London's tech scene is not going underground

Last week came the news that - according to London & Partners – London's tech sector had attracted more venture capital investment than any other European city since the Brexit vote, including Dublin, Paris and Amsterdam.

Tech companies in the city received £1.8bn in venture capital funding since the UK voted to leave the EU on 23 June 2016, with tech firms in the wider UK receiving a total of £5.3 billion of private equity funding in the first half of 2017.

Tech companies that made investment headlines were virtual reality start-up Improbable, which received £388m, and London-based FinTech companies Funding Circle (£82m), Zopa (£32m) and Monzo (£22m). But the long list of tech start-ups that contributed to London’s growth came from a range of verticals, including PropTech, and HealthTech. These were mixed with some unexpected innovations that attest to London’s top standing for technology. Here’s our round-up of the best of the unexpected:


The demands of “on-demand”

As Amazon starts trialling drone deliveries in under 30 minutes, the on-demand economy is set to skyrocket in ubiquity and method.

Spearheaded by two of Skype’s co-founders, Starship Technologies has developed a fleet of robot delivery vehicles that are, according to Gizmodo, “a great alternative to delivery drones”. With a number of US cities giving a thumbs up to delivery robots, the London-based company’s combination of mobile technology, specially designed robots and a local hub system aims to make local delivery “faster, smarter and more cost-efficient.”

Starship Technologies raised £17.2m in seed funding in the first half of 2017.


Leveraging social media marketing

“It's easy to make money with a massive social media following,” wrote R.L. Adams.  “The hard part is getting the massive following.”

The power of social media and the influencers who often dominate it is undisputable: according to a recent report by AdWeek, approximately 40% of consumers purchased a product after they saw an influencer they followed use it 

Lobster, a search and licensing platform for user-generated content, is looking to leverage social media endorsements, both from known influencers and from everyday users and consumers. The site enables brands, agencies and the media to search for and license visual content directly from social media users and cloud archives, which can then be used in marketing materials. Social media users whose content is used receive a commission.

Lobster raised £1.2m of Series A funding.


The sharing economy

Between 33-50% of all food produced globally is never eaten, and the value of this wasted food is worth over $1 trillion. Meanwhile 800 million people go to bed hungry every night. 

“Food waste is a massive market inefficiency, the kind of which does not persist in other industries,” says OLIO, a free app that connects people with their neighbours and local shops so surplus food and other items can be shared, not thrown away.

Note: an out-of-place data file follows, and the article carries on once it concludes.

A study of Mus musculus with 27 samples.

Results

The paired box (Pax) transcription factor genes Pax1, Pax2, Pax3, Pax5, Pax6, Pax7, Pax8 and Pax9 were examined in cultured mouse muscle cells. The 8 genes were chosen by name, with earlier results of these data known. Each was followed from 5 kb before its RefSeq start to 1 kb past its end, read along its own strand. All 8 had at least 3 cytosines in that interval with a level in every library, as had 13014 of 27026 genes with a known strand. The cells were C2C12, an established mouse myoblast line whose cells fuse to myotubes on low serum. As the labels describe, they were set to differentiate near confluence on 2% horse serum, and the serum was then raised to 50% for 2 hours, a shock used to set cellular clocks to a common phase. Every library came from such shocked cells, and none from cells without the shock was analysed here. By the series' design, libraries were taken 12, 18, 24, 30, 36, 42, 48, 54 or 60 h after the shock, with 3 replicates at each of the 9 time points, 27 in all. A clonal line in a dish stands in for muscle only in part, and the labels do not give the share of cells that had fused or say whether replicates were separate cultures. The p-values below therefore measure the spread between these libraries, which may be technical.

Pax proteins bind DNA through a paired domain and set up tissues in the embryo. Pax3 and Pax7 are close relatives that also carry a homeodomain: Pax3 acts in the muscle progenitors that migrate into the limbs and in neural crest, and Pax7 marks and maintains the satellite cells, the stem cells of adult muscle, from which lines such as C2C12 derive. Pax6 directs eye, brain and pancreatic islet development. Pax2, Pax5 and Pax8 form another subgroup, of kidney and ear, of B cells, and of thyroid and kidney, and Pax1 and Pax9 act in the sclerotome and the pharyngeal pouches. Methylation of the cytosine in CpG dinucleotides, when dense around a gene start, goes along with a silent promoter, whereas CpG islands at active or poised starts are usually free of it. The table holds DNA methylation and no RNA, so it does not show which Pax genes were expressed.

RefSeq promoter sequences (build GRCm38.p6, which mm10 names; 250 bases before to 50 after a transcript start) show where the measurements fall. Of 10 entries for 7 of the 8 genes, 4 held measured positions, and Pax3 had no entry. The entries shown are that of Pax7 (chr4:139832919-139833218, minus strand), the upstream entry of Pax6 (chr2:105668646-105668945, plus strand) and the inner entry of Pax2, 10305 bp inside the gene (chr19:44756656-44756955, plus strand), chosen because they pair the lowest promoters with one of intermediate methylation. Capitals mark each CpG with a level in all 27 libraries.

Supermarkets and larger organisations are using OLIO as well, with food industry giants such as Sainsbury’s using the app in a third of its food waste “discovery communities”. 

An unexpected and moving result of OLIO is that many are using it to not only combat food waste, but to address personal food poverty. “I’m getting users thanking me, saying they wouldn’t have been able to feed their family tonight had it not been for OLIO’,” OLIO co-founder Tessa Cook told HuffPost.

OLIO raised £1.81m of pre-series A funding.


AI-powered audio transcription

Audio-to-text – and the people who use or want to use them – has been waiting for this. Trint provides accurate, automated transcription that not only details what is being said, but who is saying it. Audio, video, meetings, interviews, lectures and more can be quickly generated and edited – in 13 languages, and three different accents in English.

“Trint's technology is still nascent, but it could eventually give new life to vast swaths of non-text-based media on the internet, like videos and podcasts, by making them readable to both humans and search engines,” writes Wired. “People could read podcasts they lack the time or ability to listen to. YouTube videos could be indexed with a time-coded transcript, then searched for text terms. There are other applications too: Filmmakers could index their footage for better organization, and journalists, researchers, and lawyers could save the many hours it takes to transcribe long interviews.”

Trint currently offers a range of pricing plans for individuals and organisations, as well as a customised option. The company raised $3.1m in the first half of 2017.



Gayle O’Brien

Written by Gayle O’Brien

Gayle O’Brien started her writing career during Web 1.0 and still appears to be standing. After multiple stints in-house and agency side, her writing now focuses on start-ups, technology, and innovation. A dual citizen of the US and UK, Gayle divides her time between Massachusetts and south-east England.